The Care Quality Commission (CQC) have published updated guidance on meeting the duty of candour.
The updated guidance, which can be viewed here, applies to all health and social care providers registered with the CQC.
The update provides a more detailed explanation of what a notifiable safety incident is and now makes clear that the apology which is required as part of fulfilling the duty does not equate to an admission of liability. As such, an apology will not affect a provider’s indemnity cover.
First introduced in 2014, following the Mid Staffordshire Inquiry, led by Sir Robert Francis QC, Regulation 20 of the Health and Social Care Act 2008 (Regulated Activities) Regulations 2014 sets out a provider’s duty to notify an individual that an incident has occurred, provide an account of all facts known as of the notification date, advise on what further enquiries are appropriate, apologise and securely maintain a written record of the discussion.
The CQC can prosecute where the above is not complied with. For example, in 2020 University Hospitals Plymouth NHS Trust admitted a breach and were ordered to pay £12,565.
The more detailed explanation of a notifiable safety incident confirms the three criteria that apply for an incident to be defined as ‘notifiable’. The incident must have been unintended or unexpected, must have occurred during the provision of a regulated activity and in the reasonable opinion of a healthcare professional has or might result in death or severe or moderate harm to the person receiving care. Specific examples are also now given for some organisations regulated by the CQC including care homes, dental practices and in general practice.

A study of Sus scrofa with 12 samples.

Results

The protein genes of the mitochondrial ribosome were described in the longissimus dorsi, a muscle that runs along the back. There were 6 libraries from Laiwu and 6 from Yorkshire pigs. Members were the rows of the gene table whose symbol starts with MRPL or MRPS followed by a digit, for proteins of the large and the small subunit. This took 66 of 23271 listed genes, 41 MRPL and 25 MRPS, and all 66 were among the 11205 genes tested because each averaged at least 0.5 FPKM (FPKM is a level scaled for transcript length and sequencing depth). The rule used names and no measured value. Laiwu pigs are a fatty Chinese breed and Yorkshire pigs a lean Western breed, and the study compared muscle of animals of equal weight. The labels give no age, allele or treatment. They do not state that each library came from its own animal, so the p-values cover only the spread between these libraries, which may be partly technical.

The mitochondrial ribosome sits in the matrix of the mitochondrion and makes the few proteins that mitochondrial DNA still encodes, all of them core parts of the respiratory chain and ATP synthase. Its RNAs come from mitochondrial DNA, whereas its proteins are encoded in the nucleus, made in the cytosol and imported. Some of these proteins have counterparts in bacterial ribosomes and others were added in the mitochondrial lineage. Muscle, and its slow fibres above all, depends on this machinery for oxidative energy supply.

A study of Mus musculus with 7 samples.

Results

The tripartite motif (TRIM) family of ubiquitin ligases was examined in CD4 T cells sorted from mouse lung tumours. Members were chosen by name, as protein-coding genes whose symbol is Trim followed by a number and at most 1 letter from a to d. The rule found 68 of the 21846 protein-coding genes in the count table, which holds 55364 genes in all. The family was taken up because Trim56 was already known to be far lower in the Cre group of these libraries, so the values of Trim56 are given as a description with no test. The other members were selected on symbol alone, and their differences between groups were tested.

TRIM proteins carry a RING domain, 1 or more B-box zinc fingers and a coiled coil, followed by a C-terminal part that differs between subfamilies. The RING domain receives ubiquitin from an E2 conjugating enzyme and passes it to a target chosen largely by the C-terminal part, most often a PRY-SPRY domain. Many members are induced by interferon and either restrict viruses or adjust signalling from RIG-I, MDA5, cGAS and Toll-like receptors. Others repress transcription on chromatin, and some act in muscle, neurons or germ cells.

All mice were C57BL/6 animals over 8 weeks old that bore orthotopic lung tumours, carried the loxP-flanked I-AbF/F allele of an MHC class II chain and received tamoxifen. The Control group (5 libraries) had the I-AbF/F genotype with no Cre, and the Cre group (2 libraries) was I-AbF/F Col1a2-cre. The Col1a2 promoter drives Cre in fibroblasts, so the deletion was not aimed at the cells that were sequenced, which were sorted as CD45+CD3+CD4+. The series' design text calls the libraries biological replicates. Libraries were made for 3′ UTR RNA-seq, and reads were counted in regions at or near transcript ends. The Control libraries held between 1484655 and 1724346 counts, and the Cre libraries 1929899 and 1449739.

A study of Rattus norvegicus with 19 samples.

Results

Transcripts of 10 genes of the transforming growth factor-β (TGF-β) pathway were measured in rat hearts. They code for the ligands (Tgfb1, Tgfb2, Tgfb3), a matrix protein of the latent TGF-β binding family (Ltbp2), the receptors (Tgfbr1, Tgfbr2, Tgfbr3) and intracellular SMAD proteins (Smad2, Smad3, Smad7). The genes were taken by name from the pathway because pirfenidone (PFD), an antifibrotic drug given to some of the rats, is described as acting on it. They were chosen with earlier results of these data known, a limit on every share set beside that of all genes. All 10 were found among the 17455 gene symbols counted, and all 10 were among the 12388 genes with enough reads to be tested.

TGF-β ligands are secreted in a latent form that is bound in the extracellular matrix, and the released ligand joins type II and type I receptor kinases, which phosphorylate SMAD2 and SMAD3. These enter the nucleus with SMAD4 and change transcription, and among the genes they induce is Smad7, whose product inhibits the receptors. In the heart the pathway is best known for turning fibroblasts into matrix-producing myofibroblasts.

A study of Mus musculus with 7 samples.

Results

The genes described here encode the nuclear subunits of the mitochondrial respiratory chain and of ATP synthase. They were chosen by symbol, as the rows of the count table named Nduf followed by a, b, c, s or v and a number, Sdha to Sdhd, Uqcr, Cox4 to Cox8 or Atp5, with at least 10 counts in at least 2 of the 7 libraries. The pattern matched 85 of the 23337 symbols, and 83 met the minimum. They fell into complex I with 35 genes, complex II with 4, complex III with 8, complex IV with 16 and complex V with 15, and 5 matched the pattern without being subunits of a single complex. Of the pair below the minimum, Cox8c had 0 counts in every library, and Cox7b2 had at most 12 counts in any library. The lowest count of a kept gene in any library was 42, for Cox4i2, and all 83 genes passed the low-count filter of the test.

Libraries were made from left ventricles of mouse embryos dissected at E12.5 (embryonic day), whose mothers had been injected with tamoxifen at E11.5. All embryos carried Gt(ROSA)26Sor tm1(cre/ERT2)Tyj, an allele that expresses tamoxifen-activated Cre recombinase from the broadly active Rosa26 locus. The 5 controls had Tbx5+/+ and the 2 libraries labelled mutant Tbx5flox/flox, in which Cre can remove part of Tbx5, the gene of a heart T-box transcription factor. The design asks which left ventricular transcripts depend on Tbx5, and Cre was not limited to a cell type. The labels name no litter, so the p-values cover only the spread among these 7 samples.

The CQC confirm that whether there is evidence of fault on the part of the provider, there is no impact on the definition of a notifiable safety incident. Providers should therefore ensure that the overarching duty of candour is complied with and that they act in a way which is open and transparent.
Previous guidance published by NHSR confirms that an apology does not equate to an admission of liability. The CQC now confirm that this is the position. The update now quotes from that guidance, confirming that an apology is always the right thing to do, is not an admission of liability, acknowledges that something could have gone better and is the first step to learning from what happened and preventing a recurrence.
Although the statutory duty of candour (and associated guidance) applies to providers regulated by the CQC, the update can also inform the actions of individual practitioners given the need to comply with the professional duty of candour overseen by the professional regulators (GMC, GDC, NMC).
Research has demonstrated that it is often the absence of an apology, made in good time, that causes people to commence legal action. Saying sorry and taking action to understand what caused or contributed to an incident, along with taking steps to avoid a recurrence helps to demonstrate compliance with both the statutory and professional duty. The updated guidance, assists individuals and providers in understanding how and when the duty of candour can be complied with.